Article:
US Politicians were once again at battle last night, this time over health care reform. While Senator Warren worked to block Trump’s Attorney General pick, Bernie Sanders took to the CNN debate stage opposite Senator Ted Cruz.
Echoing the presidential debates, this debate was very timely with the repeal of Obamacare on the books. Cruz pro-repeal and Sanders, anti-repeal.
“The ACA has been a step forward, I say we should go further,” Sanders.
Cruz emphasized the downsides of the law throughout the debate, taking aim at Obama on several occasions. He argued that ACA and a single payer system would not solve issues around cost and was not really an effective plan for all.
He arguments included:
- Obama’s signature health care promise was not true – “If you like your plan, you can keep your plan.” Rated PolitiFact’s 2013 Lie of the Year.
- Over 6 million Americans had their insurance policies canceled thanks to Obamacare. (PolitiFact Fact check states its 4.7 million)
- Many eligible for Obamacare are covered by Medicaid
- Premiums were increasing exponentially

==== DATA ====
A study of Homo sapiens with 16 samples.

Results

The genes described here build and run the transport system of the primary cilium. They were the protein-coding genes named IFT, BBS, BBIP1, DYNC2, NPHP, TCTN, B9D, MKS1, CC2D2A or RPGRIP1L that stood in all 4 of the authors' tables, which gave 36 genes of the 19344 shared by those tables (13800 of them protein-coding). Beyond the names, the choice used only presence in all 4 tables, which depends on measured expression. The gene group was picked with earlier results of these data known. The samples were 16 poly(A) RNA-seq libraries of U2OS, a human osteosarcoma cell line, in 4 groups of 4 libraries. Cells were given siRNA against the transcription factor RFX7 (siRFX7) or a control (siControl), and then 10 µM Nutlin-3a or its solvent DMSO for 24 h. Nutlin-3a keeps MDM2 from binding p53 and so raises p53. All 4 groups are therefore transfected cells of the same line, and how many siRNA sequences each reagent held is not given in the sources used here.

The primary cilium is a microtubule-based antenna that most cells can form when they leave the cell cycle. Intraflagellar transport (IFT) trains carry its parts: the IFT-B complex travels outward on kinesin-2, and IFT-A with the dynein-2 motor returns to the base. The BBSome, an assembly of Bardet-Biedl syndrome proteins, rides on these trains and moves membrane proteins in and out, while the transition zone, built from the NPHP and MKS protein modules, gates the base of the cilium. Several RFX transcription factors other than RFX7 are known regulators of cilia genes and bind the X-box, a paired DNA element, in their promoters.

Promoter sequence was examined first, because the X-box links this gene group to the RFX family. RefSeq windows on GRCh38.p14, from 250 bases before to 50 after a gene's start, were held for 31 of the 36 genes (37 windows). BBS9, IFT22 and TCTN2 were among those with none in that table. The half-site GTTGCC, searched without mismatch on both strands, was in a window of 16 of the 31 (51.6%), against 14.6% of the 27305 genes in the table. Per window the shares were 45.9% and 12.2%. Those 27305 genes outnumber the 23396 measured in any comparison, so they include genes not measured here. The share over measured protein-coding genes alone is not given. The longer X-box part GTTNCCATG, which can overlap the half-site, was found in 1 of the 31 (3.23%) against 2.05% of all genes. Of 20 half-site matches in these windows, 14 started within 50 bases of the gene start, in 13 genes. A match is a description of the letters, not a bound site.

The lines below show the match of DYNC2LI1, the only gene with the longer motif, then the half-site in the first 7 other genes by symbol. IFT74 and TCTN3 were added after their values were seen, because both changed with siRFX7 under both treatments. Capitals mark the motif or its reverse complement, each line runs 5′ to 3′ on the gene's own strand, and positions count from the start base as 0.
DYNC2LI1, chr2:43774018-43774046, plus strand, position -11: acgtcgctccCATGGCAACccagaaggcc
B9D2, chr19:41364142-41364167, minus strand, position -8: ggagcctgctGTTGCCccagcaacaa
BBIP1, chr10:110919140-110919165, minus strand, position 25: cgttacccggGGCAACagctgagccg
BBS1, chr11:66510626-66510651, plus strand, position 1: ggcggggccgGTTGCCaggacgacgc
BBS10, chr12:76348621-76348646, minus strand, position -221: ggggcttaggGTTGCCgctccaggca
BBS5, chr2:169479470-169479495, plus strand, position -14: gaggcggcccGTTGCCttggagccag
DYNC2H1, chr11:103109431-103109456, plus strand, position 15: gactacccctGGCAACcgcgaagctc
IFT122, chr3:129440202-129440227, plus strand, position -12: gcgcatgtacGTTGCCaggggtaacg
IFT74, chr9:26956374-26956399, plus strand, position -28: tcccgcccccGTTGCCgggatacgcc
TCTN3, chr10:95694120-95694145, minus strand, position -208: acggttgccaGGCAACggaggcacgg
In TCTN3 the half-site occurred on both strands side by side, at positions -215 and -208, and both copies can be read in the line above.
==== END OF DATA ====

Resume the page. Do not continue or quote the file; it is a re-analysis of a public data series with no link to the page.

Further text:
- “In 70 percent of the counties in America, on Obamacare exchanges, you have a choice of one or two health insurance plans, that’s it.”
- Millions have been forced to work part-time, instead of full-time.
- “Nationally, the health outcomes under Medicaid are really poor.”
- 6 million Americans were fined by the IRS because of Obamacare
And to finish his argument…Sanders “helped write Obamacare.”
Sanders, a long-time advocate of the single payer system, and a self-proclaimed democratic socialist came out fighting.
- “Women are considered a pre-existing condition by the insurance companies because they might have a baby.”
- The public is not pro-repeal. They acknowledge and fight for improvements to ACA, but not a total repeal.
- “The United States is the only major country on Earth not to guarantee health care to all people as a right.”
- “Tens of thousands of our fellow Americans die because they don’t go to the doctor when they should.”
- Healthcare spending in the US is at an all-time high, spending twice as much as many other countries.
- Medicare is popular
- The repeal would provide tax breaks to the top 2 percent
Sander’s also took a couple of pops at Sen. Cruz. He pointed out the variations in their own states. Texas has one of the lowest uninsured rates, whilst Vermont has the second highest rate of insured. As a socialist democrat, he was keen to emphasize that Cruz’s plans favor the top 1-2 percent, not the majority.
Healthcare has been a contentious issue, with the future of healthcare for many being unpredictable.
The two did agree on a couple of points, though. Firstly, that Americans should be able to buy drugs from abroad, that the FDA should permit the drugs approved by other regulatory bodies in other countries, and lastly that the government should be involved in drug price negotiations.
Here at Digital Diary, we know the future of healthcare is digital.